A 32-year-old Vancouver man was sentenced Friday in Clark County Superior Court to 17 months incarceration for hijacking a C-Tran bus and trying to divert it to Portland.
Anthony S. Lybeck pleaded guilty to a charge of second-degree kidnapping. He also pleaded guilty to a charge of first-degree criminal trespass, a gross misdemeanor, in a separate case and received one year of suspended jail time.
Judge Suzan Clark also imposed 18 months of community custody in the kidnapping case and mental health and substance dependency evaluations and treatments.
Lybeck is set to be released despite the court agreeing to impose the prosecution’s recommended sentence. He received credit for the 602 days he’s already been jailed.
“Thank you for helping me through this, and I’m going to do better when I get out,” Lybeck said.
Defense attorney Therese Lavallee told the court her client is developmentally delayed, and he was likely under the influence of methamphetamine when he hijacked the bus on April 19, 2019.
Emergency dispatchers received a call at 6:06 p.m. about a bus driver on Route 72 who was being held hostage near Northeast Covington Road and Northeast Fourth Plain Boulevard. A man, later identified by police as Lybeck, boarded the bus, told the driver he was armed and demanded to be taken to Portland, according to the Vancouver Police Department.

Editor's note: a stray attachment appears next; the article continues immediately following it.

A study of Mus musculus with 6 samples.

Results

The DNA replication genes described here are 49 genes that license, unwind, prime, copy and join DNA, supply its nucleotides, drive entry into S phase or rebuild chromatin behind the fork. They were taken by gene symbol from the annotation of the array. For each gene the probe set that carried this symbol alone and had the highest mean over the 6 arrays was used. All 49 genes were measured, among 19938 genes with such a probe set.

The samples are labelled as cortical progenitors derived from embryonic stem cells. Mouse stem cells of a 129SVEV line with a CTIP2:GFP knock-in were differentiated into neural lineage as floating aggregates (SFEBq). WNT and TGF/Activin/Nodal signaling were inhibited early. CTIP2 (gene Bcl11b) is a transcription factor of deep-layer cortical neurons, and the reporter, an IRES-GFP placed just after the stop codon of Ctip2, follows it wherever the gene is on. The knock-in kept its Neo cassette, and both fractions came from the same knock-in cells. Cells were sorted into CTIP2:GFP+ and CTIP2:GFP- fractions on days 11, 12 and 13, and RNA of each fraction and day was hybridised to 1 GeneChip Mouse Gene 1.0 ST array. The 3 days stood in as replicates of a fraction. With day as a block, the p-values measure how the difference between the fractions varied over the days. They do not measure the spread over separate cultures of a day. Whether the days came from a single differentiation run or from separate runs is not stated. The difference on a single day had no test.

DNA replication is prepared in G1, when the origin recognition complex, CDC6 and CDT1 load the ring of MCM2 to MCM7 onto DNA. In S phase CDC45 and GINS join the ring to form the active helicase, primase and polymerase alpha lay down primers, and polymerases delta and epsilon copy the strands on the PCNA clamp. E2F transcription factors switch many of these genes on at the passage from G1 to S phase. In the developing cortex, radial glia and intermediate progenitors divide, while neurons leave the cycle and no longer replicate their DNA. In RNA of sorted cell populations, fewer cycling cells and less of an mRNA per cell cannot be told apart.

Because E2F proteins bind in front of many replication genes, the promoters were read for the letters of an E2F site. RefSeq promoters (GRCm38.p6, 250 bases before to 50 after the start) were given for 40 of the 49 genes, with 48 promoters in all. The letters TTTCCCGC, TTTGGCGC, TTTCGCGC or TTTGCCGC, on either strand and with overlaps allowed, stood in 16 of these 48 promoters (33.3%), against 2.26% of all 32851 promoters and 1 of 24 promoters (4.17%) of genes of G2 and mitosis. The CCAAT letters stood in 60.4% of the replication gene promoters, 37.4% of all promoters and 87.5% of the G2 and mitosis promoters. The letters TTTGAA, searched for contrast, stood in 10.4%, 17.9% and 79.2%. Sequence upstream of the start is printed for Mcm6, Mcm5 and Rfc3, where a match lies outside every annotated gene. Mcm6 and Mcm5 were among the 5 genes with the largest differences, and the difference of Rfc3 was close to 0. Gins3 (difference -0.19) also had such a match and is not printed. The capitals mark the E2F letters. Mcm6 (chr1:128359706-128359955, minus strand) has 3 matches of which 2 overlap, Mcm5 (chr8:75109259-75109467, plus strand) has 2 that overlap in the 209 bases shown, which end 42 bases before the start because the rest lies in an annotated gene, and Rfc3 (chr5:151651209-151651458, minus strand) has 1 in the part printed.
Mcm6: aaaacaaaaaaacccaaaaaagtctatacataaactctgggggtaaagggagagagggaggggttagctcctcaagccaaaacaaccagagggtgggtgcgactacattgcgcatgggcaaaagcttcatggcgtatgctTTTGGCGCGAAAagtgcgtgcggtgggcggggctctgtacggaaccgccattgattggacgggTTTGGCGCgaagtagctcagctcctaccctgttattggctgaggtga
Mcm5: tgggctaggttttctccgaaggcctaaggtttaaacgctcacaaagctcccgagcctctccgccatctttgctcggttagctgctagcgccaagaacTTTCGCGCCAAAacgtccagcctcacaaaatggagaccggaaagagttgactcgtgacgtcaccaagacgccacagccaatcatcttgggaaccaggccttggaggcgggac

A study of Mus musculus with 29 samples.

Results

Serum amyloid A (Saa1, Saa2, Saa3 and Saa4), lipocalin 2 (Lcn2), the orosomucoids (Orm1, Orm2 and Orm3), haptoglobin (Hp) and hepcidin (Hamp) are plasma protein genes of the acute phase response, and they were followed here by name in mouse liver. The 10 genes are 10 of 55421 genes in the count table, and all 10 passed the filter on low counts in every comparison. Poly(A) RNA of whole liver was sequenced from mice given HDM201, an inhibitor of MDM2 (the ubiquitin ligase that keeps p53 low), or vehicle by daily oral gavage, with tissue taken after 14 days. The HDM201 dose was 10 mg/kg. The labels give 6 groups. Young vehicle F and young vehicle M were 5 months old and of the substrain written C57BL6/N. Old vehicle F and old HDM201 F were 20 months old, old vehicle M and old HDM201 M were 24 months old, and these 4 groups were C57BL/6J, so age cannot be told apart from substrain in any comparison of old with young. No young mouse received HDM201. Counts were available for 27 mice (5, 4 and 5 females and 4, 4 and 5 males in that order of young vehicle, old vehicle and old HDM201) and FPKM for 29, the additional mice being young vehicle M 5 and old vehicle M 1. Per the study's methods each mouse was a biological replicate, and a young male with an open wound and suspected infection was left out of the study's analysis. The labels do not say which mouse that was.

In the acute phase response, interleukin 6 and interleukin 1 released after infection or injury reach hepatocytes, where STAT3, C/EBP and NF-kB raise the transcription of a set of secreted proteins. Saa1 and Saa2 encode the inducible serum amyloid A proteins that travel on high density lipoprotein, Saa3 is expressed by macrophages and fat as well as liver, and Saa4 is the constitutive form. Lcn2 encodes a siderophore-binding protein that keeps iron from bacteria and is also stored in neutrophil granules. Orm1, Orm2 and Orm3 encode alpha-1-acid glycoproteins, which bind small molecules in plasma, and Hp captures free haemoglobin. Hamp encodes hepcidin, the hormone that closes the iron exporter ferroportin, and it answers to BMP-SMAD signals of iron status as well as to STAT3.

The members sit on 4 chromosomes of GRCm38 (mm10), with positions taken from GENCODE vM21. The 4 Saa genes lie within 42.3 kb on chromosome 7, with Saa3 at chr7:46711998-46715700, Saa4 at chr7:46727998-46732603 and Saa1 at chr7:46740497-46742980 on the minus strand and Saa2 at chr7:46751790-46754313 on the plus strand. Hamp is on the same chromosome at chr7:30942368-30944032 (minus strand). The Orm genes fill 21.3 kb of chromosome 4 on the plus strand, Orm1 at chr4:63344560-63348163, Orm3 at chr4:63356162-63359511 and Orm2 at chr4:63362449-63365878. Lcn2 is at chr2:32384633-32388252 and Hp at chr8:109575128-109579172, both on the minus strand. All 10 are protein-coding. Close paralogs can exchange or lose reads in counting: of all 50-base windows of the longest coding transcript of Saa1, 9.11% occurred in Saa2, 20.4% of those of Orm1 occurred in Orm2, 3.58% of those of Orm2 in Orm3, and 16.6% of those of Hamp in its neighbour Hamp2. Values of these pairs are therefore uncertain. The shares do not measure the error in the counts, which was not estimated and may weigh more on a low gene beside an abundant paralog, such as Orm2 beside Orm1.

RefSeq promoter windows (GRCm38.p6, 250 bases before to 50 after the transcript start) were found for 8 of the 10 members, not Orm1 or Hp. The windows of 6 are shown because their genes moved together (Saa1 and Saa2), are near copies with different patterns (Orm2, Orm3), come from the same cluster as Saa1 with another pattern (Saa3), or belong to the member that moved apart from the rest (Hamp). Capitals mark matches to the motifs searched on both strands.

The driver said she didn’t see a firearm but complied and took the southbound Interstate 205 onramp. She activated the bus’s emergency alarm to alert dispatchers to the situation, C-Tran spokeswoman Christine Selk previously told The Columbian.
Vancouver police responded and began pursuing the bus, which was reportedly traveling 48 mph in the middle lane, according to emergency radio traffic monitored at The Columbian. They performed a rolling roadblock in front of the bus to stop it near the north end of the Glenn Jackson Bridge.
The driver was not injured, and there were no other passengers on the bus at the time.
The driver chose not to address the court during Friday’s change of plea and sentencing hearing, but she told prosecutors that she agreed with the recommended 17-month sentence.
Lybeck was also sentenced in a 2019 case for taking a vehicle without permission, which was amended to the criminal trespass charge. Court records say a few days before the bus jacking, Lybeck was at the home of his girlfriend, who was sleeping. He went into her purse, took her car keys, and then stole her car. He returned the same day and told her the car belonged to him now, the records say.